Fruitvale council sticks with old bylaw for mobile vendors

New rules won’t be created to allow mobile vendors to set up shop in Fruitvale.

New rules won’t be created to allow mobile vendors to set up shop in Fruitvale, after village council voted recently to retain their current business licensing bylaw.

Council elected to keep the old bylaw — which gives them around $2,400 per year from inter-provincial licensing — that restricts mobile vendors in the places they can set up their carts.

The village had not allowed such traveling vendors in the past, said village chief administrative officer Lila Cresswell, and so they did not have a business licence category and rules for them.

“There are other areas … that they could possibly set up at,” she said.

On April 2 two mobile food vendors — Blair Peel and Isabella Eliason — petitioned council wishing to purchase business licenses to operate within the village boundaries, to allow them to set up for the summer on a vacant lot in the village’s downtown core.

The two vendors, who operate independent of each other, would only operate for two to five days per week, and their menu items would not largely conflict with local establishments.

Both Peel’s Confusion Taco truck and Eliason’s hot dog/hamburger cart were self contained units, with their own recycling, garbage, water and power capabilities on board. The two said they wanted to use the vacant lot next to Dr. Greg Barrett’s dentistry practice to set up their mobile units, but had not yet received approval.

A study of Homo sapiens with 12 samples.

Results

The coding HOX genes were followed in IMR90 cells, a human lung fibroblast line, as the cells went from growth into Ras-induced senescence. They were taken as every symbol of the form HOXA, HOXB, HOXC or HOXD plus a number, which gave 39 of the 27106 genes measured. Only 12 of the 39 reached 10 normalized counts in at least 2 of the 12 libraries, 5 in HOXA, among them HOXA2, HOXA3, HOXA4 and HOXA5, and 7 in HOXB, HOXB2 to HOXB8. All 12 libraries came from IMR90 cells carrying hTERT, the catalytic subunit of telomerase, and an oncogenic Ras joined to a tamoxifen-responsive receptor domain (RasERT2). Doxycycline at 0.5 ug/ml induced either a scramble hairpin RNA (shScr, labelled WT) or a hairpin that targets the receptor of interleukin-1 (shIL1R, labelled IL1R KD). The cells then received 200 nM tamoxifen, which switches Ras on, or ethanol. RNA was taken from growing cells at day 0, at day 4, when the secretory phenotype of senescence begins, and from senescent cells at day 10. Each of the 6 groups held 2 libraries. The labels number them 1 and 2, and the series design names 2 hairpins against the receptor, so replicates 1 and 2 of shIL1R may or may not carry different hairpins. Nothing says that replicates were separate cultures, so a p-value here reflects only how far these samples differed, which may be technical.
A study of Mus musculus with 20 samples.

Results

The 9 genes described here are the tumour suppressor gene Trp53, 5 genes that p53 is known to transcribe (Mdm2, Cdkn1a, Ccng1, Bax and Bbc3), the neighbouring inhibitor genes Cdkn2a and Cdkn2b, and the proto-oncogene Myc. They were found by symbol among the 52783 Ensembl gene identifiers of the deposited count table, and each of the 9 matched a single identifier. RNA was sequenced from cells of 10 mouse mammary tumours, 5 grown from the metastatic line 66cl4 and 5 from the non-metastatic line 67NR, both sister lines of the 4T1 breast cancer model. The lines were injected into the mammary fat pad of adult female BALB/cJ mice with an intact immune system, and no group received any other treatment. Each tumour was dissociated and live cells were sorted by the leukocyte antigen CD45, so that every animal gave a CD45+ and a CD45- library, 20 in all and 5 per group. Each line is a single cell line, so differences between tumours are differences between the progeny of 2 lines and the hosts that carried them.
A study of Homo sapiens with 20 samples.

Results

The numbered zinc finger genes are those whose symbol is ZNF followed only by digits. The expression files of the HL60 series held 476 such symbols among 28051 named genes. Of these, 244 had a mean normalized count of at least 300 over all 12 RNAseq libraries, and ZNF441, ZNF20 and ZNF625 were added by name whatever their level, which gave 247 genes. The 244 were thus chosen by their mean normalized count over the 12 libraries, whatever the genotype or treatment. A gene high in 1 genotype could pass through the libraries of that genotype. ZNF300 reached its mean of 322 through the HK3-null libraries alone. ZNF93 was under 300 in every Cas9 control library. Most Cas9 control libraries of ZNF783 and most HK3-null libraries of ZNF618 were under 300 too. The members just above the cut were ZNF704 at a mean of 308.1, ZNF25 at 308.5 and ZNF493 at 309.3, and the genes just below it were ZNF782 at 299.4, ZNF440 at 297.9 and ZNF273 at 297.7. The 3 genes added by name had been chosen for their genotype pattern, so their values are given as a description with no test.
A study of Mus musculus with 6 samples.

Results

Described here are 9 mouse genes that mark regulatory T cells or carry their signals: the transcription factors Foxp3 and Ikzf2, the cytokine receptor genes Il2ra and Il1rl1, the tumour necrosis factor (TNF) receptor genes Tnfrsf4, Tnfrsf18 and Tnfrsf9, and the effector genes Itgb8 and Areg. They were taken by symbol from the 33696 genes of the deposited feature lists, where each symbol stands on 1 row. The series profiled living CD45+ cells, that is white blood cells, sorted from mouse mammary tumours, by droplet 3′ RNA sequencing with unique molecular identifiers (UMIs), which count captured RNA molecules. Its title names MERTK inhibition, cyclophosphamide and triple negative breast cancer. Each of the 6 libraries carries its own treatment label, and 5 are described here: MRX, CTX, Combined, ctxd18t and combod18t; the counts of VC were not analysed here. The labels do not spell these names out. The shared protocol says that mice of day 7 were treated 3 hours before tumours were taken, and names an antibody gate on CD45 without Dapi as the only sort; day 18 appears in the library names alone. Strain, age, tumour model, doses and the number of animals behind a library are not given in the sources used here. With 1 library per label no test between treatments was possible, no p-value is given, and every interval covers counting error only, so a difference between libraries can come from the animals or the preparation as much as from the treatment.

But the current Business Licensing Bylaw contained restrictions disallowing operation of a mobile food vendor in any of the locations that could accommodate such a vendor (zoned commercial or industrial and not located on the highway) like Dr. Barrett’s property.

Cresswell noted the limitation against having a vendor on highway frontage property in the current bylaw was likely to do with highway safety issues regarding right of way.

Village staff investigated the impact of withdrawing from the inter-municipal licensing agreement and instead draft bylaw changes to allow mobile food vendors to operate within the village, bearing traffic and public safety in mind.

If the village withdrew from the agreement, the number of licenses currently sold within the municipality would need to increase by 40 in order to achieve the same amount of revenue they would lose ($2,400). The village only has 58 now registered.

The current fee for any mobile business is $300, however, as the village is a partner to the Regional Business License agreement, the fee for the same business license inter-municipally is $180.

If they still decide to go ahead, vendors will require property owner permission for their chosen location and that permission in writing will be requested upon public complaint regarding their siting.

Council will review the situation within a year.